After an approximately two-year hiatus, blockchain has returned to the advertising world.
Not in its earlier iteration as a back-office play for bringing more transparency to media buying, but as a force for creativity -- specifically in the form of non-fungible-tokens (aka NFTs), which have exploded into mainstream consciousness over the past few months.
Taco Bell and Pizza Hut are among the big names that have already scored with their NFT activations, and many other marketers are doubtless evaluating whether they too should dip their toes in.
Yet, despite the surfeit of explainer articles floating around, there are some basic facts that don’t seem to surface all that often but are useful to know before embarking on any NFT activation.
Like everything with crypto, each of the following points can be further qualified but they should provide the NFT-curious marketer a jumping-off point for further exploration.
If you’re not already in the crypto game, acquiring NFTs is kind of a chore
Acquiring NFTs can be a uniquely awkward experience if you’re not already familiar with the crypto space.
Why? Because unlike shopping on Amazon or eBay or Lululemon, you can’t use your credit card, your debit card or PayPal to complete your purchase. Instead, you have to pay in Ether, the currency of the Ethereum blockchain.
Don’t have any Ether? No problem! You just need to set up an account with a crypto exchange like Coinbase or Kraken, deposit cash and buy some.
But the saga isn’t over yet. Once you’ve bought your Ether, you have to move it off the exchange into a crypto “wallet” like MetaMask that’s capable of interacting with the sites that deal in NFTs like OpenSea and Rarible.
Truthfully, once you’ve done it, it’s not that hard -- but it is something to keep in mind as many consumers simply won’t have the patience or interest to actually acquire your NFTs.
Obviously, this is demographic-dependent with some audiences being more amenable than others. (To note, there are some NFT marketplaces like NBA Top Shot and Nifty Gateway that accept credit cards. However, these aren’t platforms that marketers can simply launch their projects on.
You can give them away … sort of
If you’re thinking about an NFT giveaway as a way around the whole Ether-buying, crypto wallet thing, think again. While the NFT world’s OG project – CryptoPunks – was launched as a giveaway, the term means something slightly different in the crypto space.
The reason has to do with how the Ethereum blockchain works. Every transaction that happens on the blockchain has to be processed by “miners” who are securing the network. And because the blockchain can only process a total of about 15 transactions per second, it’s not particularly efficient. In fact, it’s so inefficient that in order for the miners to pay attention to any particular transaction, you have to pay a “gas” fee. The gas price fluctuates depending on how busy the network is, but paying $50 or more (in Ether) for an NFT transfer would not be outrageous.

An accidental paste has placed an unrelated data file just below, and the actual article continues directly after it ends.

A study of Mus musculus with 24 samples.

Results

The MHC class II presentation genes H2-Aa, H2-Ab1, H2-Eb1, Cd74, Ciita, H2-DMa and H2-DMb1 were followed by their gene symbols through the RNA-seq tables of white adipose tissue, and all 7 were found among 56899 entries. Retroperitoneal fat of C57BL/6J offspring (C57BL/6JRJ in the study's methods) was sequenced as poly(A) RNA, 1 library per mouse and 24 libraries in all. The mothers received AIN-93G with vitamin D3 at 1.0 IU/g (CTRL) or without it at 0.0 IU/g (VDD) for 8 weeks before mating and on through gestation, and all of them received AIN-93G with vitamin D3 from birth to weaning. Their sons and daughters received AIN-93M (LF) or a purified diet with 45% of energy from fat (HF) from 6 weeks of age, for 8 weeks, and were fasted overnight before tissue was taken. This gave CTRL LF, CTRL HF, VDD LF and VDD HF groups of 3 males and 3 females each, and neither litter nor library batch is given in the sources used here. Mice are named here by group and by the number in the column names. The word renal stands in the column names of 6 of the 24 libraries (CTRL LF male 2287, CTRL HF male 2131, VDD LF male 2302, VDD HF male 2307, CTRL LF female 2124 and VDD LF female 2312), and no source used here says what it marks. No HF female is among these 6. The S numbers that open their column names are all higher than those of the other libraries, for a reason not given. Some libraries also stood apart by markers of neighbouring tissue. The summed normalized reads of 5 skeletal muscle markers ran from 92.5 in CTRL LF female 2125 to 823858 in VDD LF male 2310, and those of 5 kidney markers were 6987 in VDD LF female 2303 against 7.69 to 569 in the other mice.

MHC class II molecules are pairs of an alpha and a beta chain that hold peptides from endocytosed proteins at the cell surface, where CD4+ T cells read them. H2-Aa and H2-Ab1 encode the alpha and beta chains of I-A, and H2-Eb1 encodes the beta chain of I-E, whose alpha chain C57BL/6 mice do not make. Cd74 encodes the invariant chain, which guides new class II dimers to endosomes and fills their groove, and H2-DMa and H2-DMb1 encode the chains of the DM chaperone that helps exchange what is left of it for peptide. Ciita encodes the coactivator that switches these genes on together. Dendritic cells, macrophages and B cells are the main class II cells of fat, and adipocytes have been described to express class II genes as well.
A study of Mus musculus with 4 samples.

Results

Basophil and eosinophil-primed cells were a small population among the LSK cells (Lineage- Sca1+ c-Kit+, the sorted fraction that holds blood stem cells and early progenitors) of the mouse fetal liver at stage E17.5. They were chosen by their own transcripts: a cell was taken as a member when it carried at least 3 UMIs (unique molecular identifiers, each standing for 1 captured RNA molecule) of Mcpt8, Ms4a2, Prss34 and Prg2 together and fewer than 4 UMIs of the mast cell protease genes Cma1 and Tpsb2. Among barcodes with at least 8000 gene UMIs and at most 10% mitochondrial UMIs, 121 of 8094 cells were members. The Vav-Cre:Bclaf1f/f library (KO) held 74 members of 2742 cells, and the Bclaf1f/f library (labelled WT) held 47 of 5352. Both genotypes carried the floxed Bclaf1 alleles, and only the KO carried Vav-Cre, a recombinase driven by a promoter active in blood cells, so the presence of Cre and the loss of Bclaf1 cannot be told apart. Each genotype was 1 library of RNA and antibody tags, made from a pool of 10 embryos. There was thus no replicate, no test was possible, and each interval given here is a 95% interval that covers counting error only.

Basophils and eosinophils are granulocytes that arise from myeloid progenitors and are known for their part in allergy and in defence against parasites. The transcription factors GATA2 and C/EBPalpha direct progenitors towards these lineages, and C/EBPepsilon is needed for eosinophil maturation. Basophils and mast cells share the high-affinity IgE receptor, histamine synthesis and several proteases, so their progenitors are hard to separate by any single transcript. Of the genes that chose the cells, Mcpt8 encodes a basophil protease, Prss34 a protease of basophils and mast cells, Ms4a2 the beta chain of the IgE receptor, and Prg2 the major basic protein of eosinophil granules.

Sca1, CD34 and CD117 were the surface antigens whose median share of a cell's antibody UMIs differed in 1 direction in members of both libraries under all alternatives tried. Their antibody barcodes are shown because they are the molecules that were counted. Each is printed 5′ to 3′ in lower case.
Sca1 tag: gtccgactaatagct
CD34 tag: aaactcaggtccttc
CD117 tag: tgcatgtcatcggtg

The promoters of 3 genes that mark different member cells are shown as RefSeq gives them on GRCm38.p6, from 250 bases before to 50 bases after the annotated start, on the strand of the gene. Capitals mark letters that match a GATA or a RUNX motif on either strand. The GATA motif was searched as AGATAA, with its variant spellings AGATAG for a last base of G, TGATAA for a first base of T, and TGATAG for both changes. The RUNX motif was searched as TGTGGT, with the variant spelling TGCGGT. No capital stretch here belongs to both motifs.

Meaning, even if you are trying to give something away, someone has to pay the gas fee. It could be the consumer or it could be the brand distributing its NFTs via an “airdrop.”
In fairness to Ethereum, if you’re transferring an NFT worth millions of dollars, that $50 gas fee -- which doesn’t change based on the dollar value of the NFT -- becomes quite reasonable.
If no one wants your NFTs, everyone will see
Unlike the average activation or stunt that fails to launch, a failed NFT activation is visible to all in real-time and in breathtaking detail.
For instance, let’s say you announce a new collection of NFTs that you’re debuting on OpenSea (the biggest NFT marketplace). And let’s say it’s a day later and none have been sold, or, if you’re giving them away, acquired.
Well, right at the top of your collection, you’ll see how many “owners” there are for your NFTs along with how many transactions have taken place.
In some circumstances, especially if none of the NFTs have been acquired yet, there may be an option for deleting a collection depending on the platform and how you’re minting the NFTs. But there’s definitely an opportunity for awkwardness if the plan doesn’t go to plan.
One way to mitigate this sort of fail is to take a hard look at whether your NFT is compelling enough to stand out in what is now a very glutted market.
Historical artifacts (think Jack Dorsey’s first tweet), top memes (Disaster Girl photo) and interesting firsts (CryptoPunks) tend to play well.
While not every brand has this sort of material at its fingertips, bringing an element of sustainable meaning to the activation can help boost your odds.
The actual NFT is only part of the experience
Part of the fun of acquiring an NFT is having pride of ownership of a unique digital asset. (Though the nature of this ownership and the rights involved have been questioned). But the real experience often comes from the community around the various projects.
Think Telegram channels and Discord servers where fans discuss their favorite NFT projects, trade info on how various NFTs were generated (auto-generated art is big in the NFT space) and ask each other the eternal crypto question – “Wen Lambo?”
In a sense, the community aspect of NFTs may represent the most fertile area for brands, providing a natural channel for engaging audiences in a fun and new-ish way.
While this kind of longer-term community building is more effortful than doing a splashy one-off NFT activation, it’s a great avenue for exploration. Especially at a time when reaching people is harder than ever.